Skiers in Mount Baker-Snoqualmie National Forest, Washington.
U.S. Forest Service
Providing recreation opportunities is a key ecosystem service from national forests, and recreation is the number-one driver of economic activity from the use of national forest resources. However, a constant challenge facing public land managers is understanding the amount and character of recreation use on public lands. Onsite visitor monitoring efforts, such as the Forest Service National Visitor Use Monitoring Program, are invaluable in providing information on public lands recreation. The vast extent of public land, and the cost of implementing such programs, however, limits the spatial and temporal coverage that is possible from onsite monitoring efforts.
In response, Eric White, a research social scientist with the Pacific Northwest Research Station, and his colleagues are testing approaches that supplement traditional monitoring data with information from social media platforms to measure and describe recreation use at finer spatial and temporal scales.
In the first year of this research project, the scientists found strong correspondence between counts of recreation use from social media data (i.e., Flickr photos and trail reports on the Washington Trails Association website) and traditional onsite counting methods (e.g., mechanical traffic counters and observation) of trail use. Year-one findings are being used to expand the research on the Mount Baker-Snoqualmie National Forest to other types of recreation sites and to identify potential study locations in other Forest Service regions.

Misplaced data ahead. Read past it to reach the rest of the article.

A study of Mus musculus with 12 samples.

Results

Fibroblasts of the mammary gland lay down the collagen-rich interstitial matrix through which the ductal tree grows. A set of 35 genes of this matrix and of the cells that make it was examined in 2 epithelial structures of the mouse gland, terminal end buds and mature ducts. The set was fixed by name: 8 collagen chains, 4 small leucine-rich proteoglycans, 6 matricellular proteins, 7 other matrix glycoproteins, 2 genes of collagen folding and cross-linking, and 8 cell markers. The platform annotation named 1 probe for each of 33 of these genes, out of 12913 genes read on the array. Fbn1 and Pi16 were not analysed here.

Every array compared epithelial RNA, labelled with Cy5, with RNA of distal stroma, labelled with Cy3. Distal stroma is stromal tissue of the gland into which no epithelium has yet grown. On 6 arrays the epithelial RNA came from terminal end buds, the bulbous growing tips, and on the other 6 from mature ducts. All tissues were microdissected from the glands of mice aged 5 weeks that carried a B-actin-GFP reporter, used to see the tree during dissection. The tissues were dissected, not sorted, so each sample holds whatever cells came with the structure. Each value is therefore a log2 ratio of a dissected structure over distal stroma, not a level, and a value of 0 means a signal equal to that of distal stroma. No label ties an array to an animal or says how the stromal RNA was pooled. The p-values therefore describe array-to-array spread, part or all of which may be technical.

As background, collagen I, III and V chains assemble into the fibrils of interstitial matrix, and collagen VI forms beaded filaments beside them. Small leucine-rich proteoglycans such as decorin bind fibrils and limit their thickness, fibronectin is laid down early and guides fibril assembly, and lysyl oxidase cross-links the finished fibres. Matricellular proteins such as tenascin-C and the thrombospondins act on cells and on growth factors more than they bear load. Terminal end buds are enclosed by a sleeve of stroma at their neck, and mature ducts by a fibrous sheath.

This new line of research has the potential to provide timely estimates of recreation use and recreation visitor behavior at spatial resolutions not currently available in Forest Service recreation monitoring programs. That information gives resource managers and policymakers information that can be used in decisions about how to allocate scarce recreation resources and identify potential issues with resource damage.